Robredo rebukes Panelo, says harassment vs Rappler obvious 

Ryan Macasero - Philstar.com
Robredo rebukes Panelo, says harassment vs Rappler obvious 
Vice President Leni Robredo says the harassment against news site Rappler is "obvious."
Office of the Vice President

MANILA, Philippines —  Vice President Leni Robredo told reporters on Thursday afternoon that she believes the harassment against news site Rappler and its Chief Executive Officer Maria Ressa was “very obvious.”

She was responding to a statement by the Palace that Ressa’s arrest had nothing to do with freedom of expression.

"This has nothing to do with freedom of expression or the press. Regardless of who commits any crime he or she will be charged in accordance with the law," Panelo said in an interview with the ABS-CBN News Channel Wednesday evening following the arrest.

READ: Panelo: Ressa's arrest 'nothing to do with freedom of expression' 

“This is the sad thing happening post-Martial law — after the dictatorship — after what happened during the time of Marcos — it should have been a big lesson for us not to allow it to happen again,” Robredo said in Filipino. 

“It’s easy to say there is no connection,” the vice president and opposition leader said. “Observers can see there is. First of all, they are being singled out.”

“For me, why is it that the only ones experiencing this kind of harassment are people or institutions who are brave enough to be critical?” she asked. “How come those brave enough to dissent are the ones the government is nitpicking?”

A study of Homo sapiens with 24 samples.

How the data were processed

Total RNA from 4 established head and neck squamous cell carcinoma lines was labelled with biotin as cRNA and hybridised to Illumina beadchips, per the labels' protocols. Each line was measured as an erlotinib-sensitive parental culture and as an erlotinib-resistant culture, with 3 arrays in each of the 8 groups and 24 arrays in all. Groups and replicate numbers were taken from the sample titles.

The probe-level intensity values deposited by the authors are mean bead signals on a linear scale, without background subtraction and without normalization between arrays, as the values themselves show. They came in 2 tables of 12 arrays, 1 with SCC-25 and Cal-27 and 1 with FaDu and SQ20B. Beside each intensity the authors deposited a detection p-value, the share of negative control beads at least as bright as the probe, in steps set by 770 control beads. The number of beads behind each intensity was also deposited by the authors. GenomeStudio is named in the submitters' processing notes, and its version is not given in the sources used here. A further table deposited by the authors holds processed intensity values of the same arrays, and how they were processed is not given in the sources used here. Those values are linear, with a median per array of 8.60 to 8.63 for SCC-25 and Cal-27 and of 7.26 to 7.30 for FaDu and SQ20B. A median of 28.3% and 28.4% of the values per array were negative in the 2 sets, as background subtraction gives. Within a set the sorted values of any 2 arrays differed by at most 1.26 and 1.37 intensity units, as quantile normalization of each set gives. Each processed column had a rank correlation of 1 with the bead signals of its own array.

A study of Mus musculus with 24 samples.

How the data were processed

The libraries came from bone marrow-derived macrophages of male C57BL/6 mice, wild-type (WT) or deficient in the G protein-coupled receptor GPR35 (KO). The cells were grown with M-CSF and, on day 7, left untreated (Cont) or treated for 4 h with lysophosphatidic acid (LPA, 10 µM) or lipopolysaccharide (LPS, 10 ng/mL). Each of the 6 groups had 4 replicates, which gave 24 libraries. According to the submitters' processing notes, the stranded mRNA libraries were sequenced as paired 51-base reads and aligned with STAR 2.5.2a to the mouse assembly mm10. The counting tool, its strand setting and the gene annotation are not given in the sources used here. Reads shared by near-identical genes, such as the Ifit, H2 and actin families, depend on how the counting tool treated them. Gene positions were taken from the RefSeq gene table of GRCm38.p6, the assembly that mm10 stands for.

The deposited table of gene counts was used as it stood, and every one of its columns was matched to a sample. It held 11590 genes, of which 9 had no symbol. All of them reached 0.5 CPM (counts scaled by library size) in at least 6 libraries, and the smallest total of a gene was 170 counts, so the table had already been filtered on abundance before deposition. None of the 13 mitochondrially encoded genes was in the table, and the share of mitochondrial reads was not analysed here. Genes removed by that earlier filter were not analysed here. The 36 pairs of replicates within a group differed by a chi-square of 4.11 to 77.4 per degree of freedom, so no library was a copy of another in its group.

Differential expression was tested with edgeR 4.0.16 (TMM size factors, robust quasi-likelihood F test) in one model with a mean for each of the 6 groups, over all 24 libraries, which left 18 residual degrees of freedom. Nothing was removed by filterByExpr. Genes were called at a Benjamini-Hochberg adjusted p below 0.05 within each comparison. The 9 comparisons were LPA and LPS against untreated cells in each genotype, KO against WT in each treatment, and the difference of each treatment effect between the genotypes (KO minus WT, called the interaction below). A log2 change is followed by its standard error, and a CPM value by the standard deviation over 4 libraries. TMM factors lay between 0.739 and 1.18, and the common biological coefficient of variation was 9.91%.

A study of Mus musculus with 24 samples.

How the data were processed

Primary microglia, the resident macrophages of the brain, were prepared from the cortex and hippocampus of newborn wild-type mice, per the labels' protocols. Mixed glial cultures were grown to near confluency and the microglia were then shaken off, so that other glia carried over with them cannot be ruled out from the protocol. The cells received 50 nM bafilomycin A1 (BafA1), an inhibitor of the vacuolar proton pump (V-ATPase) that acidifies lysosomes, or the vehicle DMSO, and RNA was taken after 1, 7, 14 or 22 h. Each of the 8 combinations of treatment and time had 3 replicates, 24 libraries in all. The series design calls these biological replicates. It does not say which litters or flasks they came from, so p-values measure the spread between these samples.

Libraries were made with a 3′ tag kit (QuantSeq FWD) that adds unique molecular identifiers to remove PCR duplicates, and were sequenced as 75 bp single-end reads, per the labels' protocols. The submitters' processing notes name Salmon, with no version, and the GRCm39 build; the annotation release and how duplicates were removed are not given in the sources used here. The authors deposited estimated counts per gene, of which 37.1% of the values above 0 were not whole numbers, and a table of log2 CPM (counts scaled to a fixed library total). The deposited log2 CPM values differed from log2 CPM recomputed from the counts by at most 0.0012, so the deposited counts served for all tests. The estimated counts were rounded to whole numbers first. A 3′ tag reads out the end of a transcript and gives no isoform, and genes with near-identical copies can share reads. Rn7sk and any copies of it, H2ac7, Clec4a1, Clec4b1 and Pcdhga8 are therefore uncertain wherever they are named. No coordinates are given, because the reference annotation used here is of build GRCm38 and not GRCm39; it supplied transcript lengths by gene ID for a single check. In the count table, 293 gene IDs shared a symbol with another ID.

Robredo said that if there are faults committed by Rappler, they should be given the chance to fix any possible deficiencies. “It should not be that they [the government] harass them in all kinds of ways. This started with the tax cases and the SEC registration and now it’s cyber libel,” she said. 

This is the sixth case so far filed against Rappler, in addition to five tax evasion charges and proceedings filed by the Securities and Exchange Commission to revoke the news company’s license to operate over questions of alleged foreign ownership.

RELATED: SEC revokes news site Rappler's registration | DOJ files fifth tax evasion case vs Rappler

The Commission on Human Rights said in a statement on Ressa’s case that “the rule of law” must prevail. 

“As there are questions on the arrest of Rappler chief executive officer Maria Ressa, we urge the government to ensure Constitutional guarantees, including due process and equal protection of laws, are equally applied to her,” CHR spokesperson Jacqueline Ann de Guia said in a statement.

“At this point, our interest is truth. We must always be vigilant against injustices donned with a cloak of legality — for laws are meant to guard our rights, not be used as tools to violate them,” she added.

Ressa’s arrest has been condemned by press organizations across the country and around the world as harassment against journalists. 

RELATED: Press groups: Ressa arrest is 'malice, manipulation of the law'  | Global press group to Duterte: Stop weaponizing law to silence Rappler

Robredo urged members of the media not to be deterred by what happened to Rappler and Ressa. 

“Bakit yung nangyayari ngayon, ito din ang nakita natin na parang mangsusupil ng freedom of the press. Sana yung members of the media hindi matakot (How come what is happening now it looks like freedom of the press is being subdued? I hope members of the media will not be afraid),” Robredo said. 

“Dahil lahat tayo umaasa sa media. Lahat tayo umaasa yung ibibigay ng media sa atin fair saka balanced na reporting (Because we all rely on the media. We rely on the media for fair and balanced reporting),” she added.